Mayor wants tube 4G coverage by 2019, a team of notspot specialists and for local authorities to do more to improve connectivity
The London Underground is set to have in-tunnel mobile coverage from 2019 as part of a package of measures designed to improve connectivity in the capital.
Mayor of London Sadiq Khan has written to all London Boroughs, explaining his belief that poor mobile and broadband coverage in some parts of the city is unacceptable given its importance to business and everyday life.
London’s 4G coverage ranks below other UK cities while some areas like Rotherhithe and the City of London are notorious notspots.
A team of ‘notspot’ troubleshooters will liaise between local authorities and communications providers, while a City Summit will advise boroughs on how to bid for central government funding. Additionally, a Connectivity Delivery Group will work on coordinating projects across all boroughs.
But it is the plan for Tube 4G coverage that will attract the headlines. Although Wi-Fi has been available in stations and on platforms since 2012, the Underground has been deprived of the cellular coverage present on other subways and metros around the world.
Transport for London (TfL) has told Silicon in the past it agreed to the idea in principle but a funding model had never been agreed. Former Mayor of London Boris Johnson had declared that mobile coverage would arrive on the tube by 2012 – a deadline which was obviously missed – and his predecessor Ken Livingstone asked the industry for pitches back in 2005.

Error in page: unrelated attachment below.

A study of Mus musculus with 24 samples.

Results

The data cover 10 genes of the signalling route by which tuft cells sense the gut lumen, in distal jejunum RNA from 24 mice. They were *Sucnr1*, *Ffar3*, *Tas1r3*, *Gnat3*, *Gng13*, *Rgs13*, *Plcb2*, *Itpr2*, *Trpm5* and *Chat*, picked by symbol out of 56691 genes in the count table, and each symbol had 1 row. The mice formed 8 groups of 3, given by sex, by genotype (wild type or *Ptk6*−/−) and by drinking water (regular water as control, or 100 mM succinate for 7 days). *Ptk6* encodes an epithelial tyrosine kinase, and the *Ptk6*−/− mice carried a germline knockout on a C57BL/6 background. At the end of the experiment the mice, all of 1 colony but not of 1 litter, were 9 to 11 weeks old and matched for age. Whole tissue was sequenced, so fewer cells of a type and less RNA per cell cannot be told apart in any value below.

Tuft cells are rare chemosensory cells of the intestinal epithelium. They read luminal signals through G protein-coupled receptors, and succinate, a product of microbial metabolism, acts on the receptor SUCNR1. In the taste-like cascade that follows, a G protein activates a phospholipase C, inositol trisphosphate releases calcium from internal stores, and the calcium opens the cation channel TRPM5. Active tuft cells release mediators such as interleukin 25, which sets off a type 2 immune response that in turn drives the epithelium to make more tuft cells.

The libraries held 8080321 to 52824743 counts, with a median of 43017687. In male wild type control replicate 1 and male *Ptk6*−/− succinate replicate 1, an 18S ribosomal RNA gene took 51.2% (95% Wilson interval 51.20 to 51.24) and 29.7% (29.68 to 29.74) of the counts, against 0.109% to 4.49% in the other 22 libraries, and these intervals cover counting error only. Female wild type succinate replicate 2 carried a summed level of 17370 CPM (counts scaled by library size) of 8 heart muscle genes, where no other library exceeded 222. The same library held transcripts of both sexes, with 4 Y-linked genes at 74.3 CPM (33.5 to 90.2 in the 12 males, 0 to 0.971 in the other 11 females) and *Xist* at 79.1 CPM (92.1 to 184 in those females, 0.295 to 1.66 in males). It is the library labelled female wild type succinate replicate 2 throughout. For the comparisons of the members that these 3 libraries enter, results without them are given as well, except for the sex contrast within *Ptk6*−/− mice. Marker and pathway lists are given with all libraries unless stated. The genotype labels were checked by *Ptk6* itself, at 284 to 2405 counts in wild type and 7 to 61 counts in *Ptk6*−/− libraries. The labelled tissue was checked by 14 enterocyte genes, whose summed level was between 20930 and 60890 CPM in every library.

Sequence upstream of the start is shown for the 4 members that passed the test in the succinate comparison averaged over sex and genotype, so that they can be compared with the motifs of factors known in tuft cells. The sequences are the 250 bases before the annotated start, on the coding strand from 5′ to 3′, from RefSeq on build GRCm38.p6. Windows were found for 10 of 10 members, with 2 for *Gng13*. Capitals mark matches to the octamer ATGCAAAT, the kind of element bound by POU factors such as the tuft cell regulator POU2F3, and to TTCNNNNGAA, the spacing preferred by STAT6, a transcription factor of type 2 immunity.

Do you want 4G on the London Underground?
- Yes (74%)
- No (26%)
But the Elizabeth Line (Crossrail) will have in-tunnel 4G coverage when it opens next year. It is unclear how the rollout on other lines will be funded, but TfL is to explore how its street furniture such as bus stops can be used for infrastructure like small cells and to generate a commercial return.
“London is now a leading global tech hub, with thriving start-ups alongside major companies like Facebook, Amazon and Google,” said Khan. “But our digital connectivity needs to be improved – internet connectivity is now a key public utility, and it is no surprise that some businesses see poor connectivity as a barrier to growth.
“If we are to remain competitive in the global economy, we need to ensure every Londoner is able to access a fast and reliable digital connection.
“That means working to boost connectivity across London – tackling not-spots, delivering ity in the London Underground and working with local authorities to provide digital infrastructure fitting of a global tech hub.”